Exelon Nuke Plant Producing Walleyes and More

Just off Illinois Route 84, three miles north of Cordova, about 30 minutes north of the Quad Cities, 150 to 250 thousand fingerling walleyes are produced annually from the hatchery at the Exelon Nuclear Generating Station there. This is the only fish hatchery operated by a nuclear power plant in the United States.

Their cooling water canal didn’t perform as anticipated, so a new discharge system was designed and put into operation in 1983. The potential to utilize the original canal as a fish hatchery was pushed by the Iowa and Illinois DNRs and The Isaak Walton League. Through negotiations with these groups spearheaded by Jim Mayhew of Iowa, it became a reality in the early ‘80s, and since then has produced many millions of walleyes for the Mississippi and Rock Rivers and tributaries, as well as advanced fingerlings recently planted in the new lake at Lost Grove.

Over the years, the 50-plus-acre old canal has proved a perfect hatchery system for river walleyes. Very early each spring, employees capture about four dozen male and female walleyes from that stretch of the river and hold them. When the females are ready to spawn, the eggs are collected, the males are milked of sperm and the eggs are fertilized. The walleyes, both male and female, are returned to the river.

The hatch rate is usually better than 80 percent under these controlled conditions, which yields approximately five to six million eggs, producing about four to five million fry. When the fry are a few days old they are released from the tanks into the canal, where they are allowed to grow to 2 to 2 ½ inches long. This takes approximately two months in water that is 70 to 80 degrees. About a third will be marked along the side using a metal bar super-cooled by liquid nitrogen. This does not harm the fish, but allows Exelon, through angler reporting and fall electrofishing assessments, to keep track of their walleyes.

The goal is to release at least 125,000 fingerlings into Pool 14 and 50,000 into pool 13. Some years they fall short, but many years the releases are far in excess of the stated goal. All fry not released into the pools of the Mississippi are given to the Illinois or Iowa DNR or other agencies to plant in waters in these two states. Studies have shown that to date, about one third of all walleyes in Pool 14 come from this operation.

In addition to the hatchery operation, Exelon maintains a long-term monitoring system to document the river and its fishery around the plant. Every summer, twice a month from June to September, eight sites are electro-shocked and precise records are kept and used for comparison purposes to determine the health of those waters.

Using a 1,000-foot net, 20 feet tall with 1-1/2-inch mesh, four locations are seined four times in October and November each year. Every fish over 7 to 8 inches in length, in 3 1/2 acres of water, is captured and indexed for future reference and comparison. During nettings, they have collected not only the usual pool 14 river fish, but less common species like paddlefish and Asian carp, as well as walleyes in the 10- to 13-pound range.

In another Mississippi River operation, each spring they tag three thousand or more fresh water drum to monitor their health. Since these fish reproduce through free-floating eggs, they are more likely to be impacted by the plant than other species. While the tagging helps with their monitoring of the area drum, they also welcome calls from fishermen who catch these tagged fish to increase their data.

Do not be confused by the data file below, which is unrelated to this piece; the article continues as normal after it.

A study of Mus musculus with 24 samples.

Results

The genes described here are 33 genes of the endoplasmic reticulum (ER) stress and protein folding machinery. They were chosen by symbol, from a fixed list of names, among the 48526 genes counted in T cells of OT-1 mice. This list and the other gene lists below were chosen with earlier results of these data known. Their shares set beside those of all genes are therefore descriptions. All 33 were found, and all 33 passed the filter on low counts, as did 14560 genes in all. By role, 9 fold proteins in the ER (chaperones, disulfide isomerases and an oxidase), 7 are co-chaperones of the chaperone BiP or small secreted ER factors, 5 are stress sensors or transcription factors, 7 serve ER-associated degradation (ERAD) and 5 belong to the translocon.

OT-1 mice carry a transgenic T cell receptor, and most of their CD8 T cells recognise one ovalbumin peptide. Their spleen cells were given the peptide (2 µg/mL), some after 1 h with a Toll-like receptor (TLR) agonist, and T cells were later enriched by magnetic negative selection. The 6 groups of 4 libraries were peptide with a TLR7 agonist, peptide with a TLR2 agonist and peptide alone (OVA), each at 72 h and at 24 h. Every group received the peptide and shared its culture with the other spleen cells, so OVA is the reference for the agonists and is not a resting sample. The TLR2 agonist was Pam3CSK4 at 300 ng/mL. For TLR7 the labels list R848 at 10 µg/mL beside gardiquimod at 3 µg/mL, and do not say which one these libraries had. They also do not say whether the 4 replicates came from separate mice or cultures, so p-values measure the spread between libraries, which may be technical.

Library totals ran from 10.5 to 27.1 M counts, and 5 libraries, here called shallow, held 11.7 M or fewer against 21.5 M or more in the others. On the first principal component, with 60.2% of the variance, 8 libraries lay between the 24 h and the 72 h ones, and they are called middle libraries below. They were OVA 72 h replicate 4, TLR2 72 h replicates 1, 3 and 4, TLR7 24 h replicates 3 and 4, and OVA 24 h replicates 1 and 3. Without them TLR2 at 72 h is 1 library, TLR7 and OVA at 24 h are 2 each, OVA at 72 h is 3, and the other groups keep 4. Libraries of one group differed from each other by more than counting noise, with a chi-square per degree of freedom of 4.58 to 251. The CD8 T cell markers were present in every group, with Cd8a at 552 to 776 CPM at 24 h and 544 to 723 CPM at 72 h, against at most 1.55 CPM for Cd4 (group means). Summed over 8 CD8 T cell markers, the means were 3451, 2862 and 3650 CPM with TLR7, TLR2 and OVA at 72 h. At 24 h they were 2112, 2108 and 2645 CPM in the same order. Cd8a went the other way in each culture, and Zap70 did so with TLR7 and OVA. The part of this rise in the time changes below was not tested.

Additionally, the Cordova hatchery system purchases hybrid striped bass fingerlings less than an inch long. They are held and fed until they are at least six inches long and then released into the Mississippi from pools 14 to 17. While they purchase somewhere around 10,000 hybrids a year, these popular fish do tend to wander. They have been caught as far away as Des Moines, Iowa and in the Illinois River south of Peoria.

As a part of their aquatic river monitoring, once each week they collect a 24-hour sample of anything and everything that collects on fine mesh screen on the water intake pipe. Over a year, they will find dozens of species of aquatic life.

According to Exelon’s Aquatic Biologist, Jeremiah Haas, some new programs are also proving successful. They recently joined the efforts of the Illinois DNR to restore the alligator gar to Illinois waters through a hatchery initiative, and to stock endangered mussels like those displaced by the new I-74 Bridge.

This is a long-term project, since mussels can’t be planted until they are at least two years old. Recently, the Exelon program planted 530 Yellow Sand Shells and 327 Black Sand Shells in the Iowa River. These numbers may not seem impressive, but for endangered mussels, they are significant. The plants were made in tributaries where they have a better chance of expanding into larger, viable colonies than in recreational or commercial rivers.

For any of you fishermen that like to golf at TCP Deere Run, take a look in the lake between the 4th and 5th holes, and you might catch a glimpse of the gold from Exelon’s endangered mussels planted there last year.

Less than a decade ago there was a concerted effort to close the Exelon Nuclear Plant at Cordova. Due to legislation passed within the past couple of years, the plant is now assured of operation into the next decade. Their interest in conservation, providing the personnel, a fish hatchery and a number of important aquatic facilities and programs, has made them not only a good neighbor, but a local asset. Exelon is only one of many companies that work with various state agencies and conservation groups to bring about a healthier outdoors.

This is the time of year to catch a bunch of nuclear walleyes!